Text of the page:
Still working on this toilet


Old 08-18-15, 12:11 AM

So after replacing bolts and tank-to-bowl gasket, the fill valve, and the flapper, the toilet is filling for a few seconds every 5 minutes. Tried the food dye test again; it ended up in the bowl. Like I said in my other thread, the overflow pipe is loose. So is it the flush valve? Is there a definitive way to know? If I'm going to continue DIY-ing this, I need to know what I'm looking for.

Can I just replace the flush valve without removing the tank? Or is there a pipe that goes through the tank to the bowl that needs replacing?

Also, this is an older toilet (don't want to get a new one at this time, thanks). Would an old ballcock and float ball assembly work better with it than the newer all-in-one fill valves? Because this Fluidmaster 400A is loud. Aquaria on my other thread said that can be the inner workings of the part are going, but this is a brand-new part.

Thanks, as always! This repair has turned into a saga...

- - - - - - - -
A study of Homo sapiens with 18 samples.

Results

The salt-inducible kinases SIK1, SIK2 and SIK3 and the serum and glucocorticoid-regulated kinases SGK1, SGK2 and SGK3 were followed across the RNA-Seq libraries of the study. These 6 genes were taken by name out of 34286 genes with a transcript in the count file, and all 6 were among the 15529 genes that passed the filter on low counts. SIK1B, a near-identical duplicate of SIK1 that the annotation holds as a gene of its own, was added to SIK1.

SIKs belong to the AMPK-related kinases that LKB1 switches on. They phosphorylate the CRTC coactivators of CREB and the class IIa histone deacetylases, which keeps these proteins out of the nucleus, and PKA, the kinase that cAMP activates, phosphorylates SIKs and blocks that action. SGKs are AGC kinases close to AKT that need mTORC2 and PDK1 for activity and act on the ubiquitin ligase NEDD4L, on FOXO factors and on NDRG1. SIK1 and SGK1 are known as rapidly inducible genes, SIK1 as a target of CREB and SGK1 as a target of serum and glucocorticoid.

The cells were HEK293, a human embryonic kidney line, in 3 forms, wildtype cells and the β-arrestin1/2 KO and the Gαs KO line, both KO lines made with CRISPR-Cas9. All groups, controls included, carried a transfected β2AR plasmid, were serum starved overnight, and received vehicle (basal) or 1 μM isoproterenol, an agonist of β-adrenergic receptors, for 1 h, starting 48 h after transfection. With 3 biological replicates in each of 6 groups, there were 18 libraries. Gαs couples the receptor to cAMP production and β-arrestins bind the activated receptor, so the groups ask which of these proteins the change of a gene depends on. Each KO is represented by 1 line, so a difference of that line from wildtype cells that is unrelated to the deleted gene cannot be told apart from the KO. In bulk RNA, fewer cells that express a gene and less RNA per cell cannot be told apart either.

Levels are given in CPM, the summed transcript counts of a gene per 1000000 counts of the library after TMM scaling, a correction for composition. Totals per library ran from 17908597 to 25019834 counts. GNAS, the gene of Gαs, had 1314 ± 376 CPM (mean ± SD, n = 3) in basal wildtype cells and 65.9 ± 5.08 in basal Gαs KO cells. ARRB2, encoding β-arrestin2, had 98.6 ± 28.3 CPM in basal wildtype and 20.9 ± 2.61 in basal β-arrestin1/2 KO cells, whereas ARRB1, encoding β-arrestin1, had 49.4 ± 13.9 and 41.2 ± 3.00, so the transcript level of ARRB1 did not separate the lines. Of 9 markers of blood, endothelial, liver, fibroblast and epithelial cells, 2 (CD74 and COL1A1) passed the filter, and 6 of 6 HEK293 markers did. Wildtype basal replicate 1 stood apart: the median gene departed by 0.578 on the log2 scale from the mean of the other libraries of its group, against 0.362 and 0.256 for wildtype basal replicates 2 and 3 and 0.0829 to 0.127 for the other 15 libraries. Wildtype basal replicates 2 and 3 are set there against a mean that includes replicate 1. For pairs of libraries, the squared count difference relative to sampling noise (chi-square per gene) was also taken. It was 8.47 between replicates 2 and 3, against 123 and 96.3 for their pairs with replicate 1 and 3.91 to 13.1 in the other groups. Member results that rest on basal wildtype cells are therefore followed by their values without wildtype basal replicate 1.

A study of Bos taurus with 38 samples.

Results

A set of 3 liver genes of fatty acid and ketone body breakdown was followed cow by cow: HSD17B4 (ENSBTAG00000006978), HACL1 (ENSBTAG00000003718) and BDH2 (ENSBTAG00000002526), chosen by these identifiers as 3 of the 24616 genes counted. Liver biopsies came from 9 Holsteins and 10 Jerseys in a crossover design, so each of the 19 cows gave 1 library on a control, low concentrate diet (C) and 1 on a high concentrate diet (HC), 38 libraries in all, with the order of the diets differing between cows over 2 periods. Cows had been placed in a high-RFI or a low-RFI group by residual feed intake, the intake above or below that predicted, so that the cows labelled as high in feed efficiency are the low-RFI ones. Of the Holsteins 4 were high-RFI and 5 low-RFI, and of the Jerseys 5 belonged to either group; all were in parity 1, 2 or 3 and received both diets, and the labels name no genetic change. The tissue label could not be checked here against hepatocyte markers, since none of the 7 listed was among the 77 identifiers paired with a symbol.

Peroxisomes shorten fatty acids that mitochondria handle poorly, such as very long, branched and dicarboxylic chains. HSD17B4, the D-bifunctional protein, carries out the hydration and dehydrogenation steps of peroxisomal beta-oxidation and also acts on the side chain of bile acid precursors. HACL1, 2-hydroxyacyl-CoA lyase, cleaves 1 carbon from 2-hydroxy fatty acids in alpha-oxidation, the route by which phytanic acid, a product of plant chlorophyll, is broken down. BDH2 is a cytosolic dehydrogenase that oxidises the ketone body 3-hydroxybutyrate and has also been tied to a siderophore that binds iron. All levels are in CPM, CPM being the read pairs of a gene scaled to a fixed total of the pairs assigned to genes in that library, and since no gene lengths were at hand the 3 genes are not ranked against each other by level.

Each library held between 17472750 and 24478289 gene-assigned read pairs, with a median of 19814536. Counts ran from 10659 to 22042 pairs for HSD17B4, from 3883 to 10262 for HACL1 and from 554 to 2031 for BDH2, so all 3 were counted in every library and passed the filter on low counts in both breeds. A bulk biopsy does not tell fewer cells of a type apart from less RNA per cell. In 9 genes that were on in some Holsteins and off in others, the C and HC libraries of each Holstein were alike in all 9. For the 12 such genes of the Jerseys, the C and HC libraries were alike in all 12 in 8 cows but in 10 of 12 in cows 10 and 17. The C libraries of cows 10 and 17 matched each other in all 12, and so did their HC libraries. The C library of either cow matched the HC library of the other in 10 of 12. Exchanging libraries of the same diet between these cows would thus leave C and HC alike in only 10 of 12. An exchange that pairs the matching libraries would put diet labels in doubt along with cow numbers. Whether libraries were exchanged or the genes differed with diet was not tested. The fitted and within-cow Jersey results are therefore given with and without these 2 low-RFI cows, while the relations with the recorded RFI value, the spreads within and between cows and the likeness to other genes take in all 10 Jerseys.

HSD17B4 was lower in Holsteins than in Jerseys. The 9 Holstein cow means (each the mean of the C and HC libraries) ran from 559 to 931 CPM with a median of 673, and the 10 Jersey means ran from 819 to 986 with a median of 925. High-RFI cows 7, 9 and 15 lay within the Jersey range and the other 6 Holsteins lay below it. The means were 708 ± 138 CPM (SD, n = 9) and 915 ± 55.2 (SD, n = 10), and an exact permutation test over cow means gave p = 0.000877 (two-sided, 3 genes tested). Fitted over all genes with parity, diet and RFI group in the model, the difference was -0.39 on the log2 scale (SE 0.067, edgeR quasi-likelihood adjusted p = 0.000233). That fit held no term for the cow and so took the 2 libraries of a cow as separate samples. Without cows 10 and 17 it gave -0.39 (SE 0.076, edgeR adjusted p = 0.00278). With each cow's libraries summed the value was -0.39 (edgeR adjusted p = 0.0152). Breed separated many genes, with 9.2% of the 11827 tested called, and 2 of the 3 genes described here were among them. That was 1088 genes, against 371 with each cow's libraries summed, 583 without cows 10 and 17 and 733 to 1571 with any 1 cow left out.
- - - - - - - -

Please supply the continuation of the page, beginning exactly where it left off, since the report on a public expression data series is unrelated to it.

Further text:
Old 08-18-15, 03:56 AM
Old 08-18-15, 04:16 AM
Old 08-18-15, 04:22 AM
Old 08-18-15, 06:16 PM
Old 08-24-15, 12:09 AM
Old 08-24-15, 02:23 AM

Edited to add: If you get an initial blast of high pressure, into the toilet tank or from any other faucet, it usually means that you have high water pressure at the street and you have a pressure reducing valve (PRV) located somewhere in the piping from the meter to the house. Most often this PRV is located inside and very near to where the water service piping enters the house. It will look similar to this:
(Image courtesy of

The initial burst of high pressure water means the PRV is leaking through and needs to be rebuilt or replaced. Since rebuild kits are often about 75% of the cost of a complete new valve AND there is no guarantee that a kit will fix it, most of the time the entire PRV is replaced.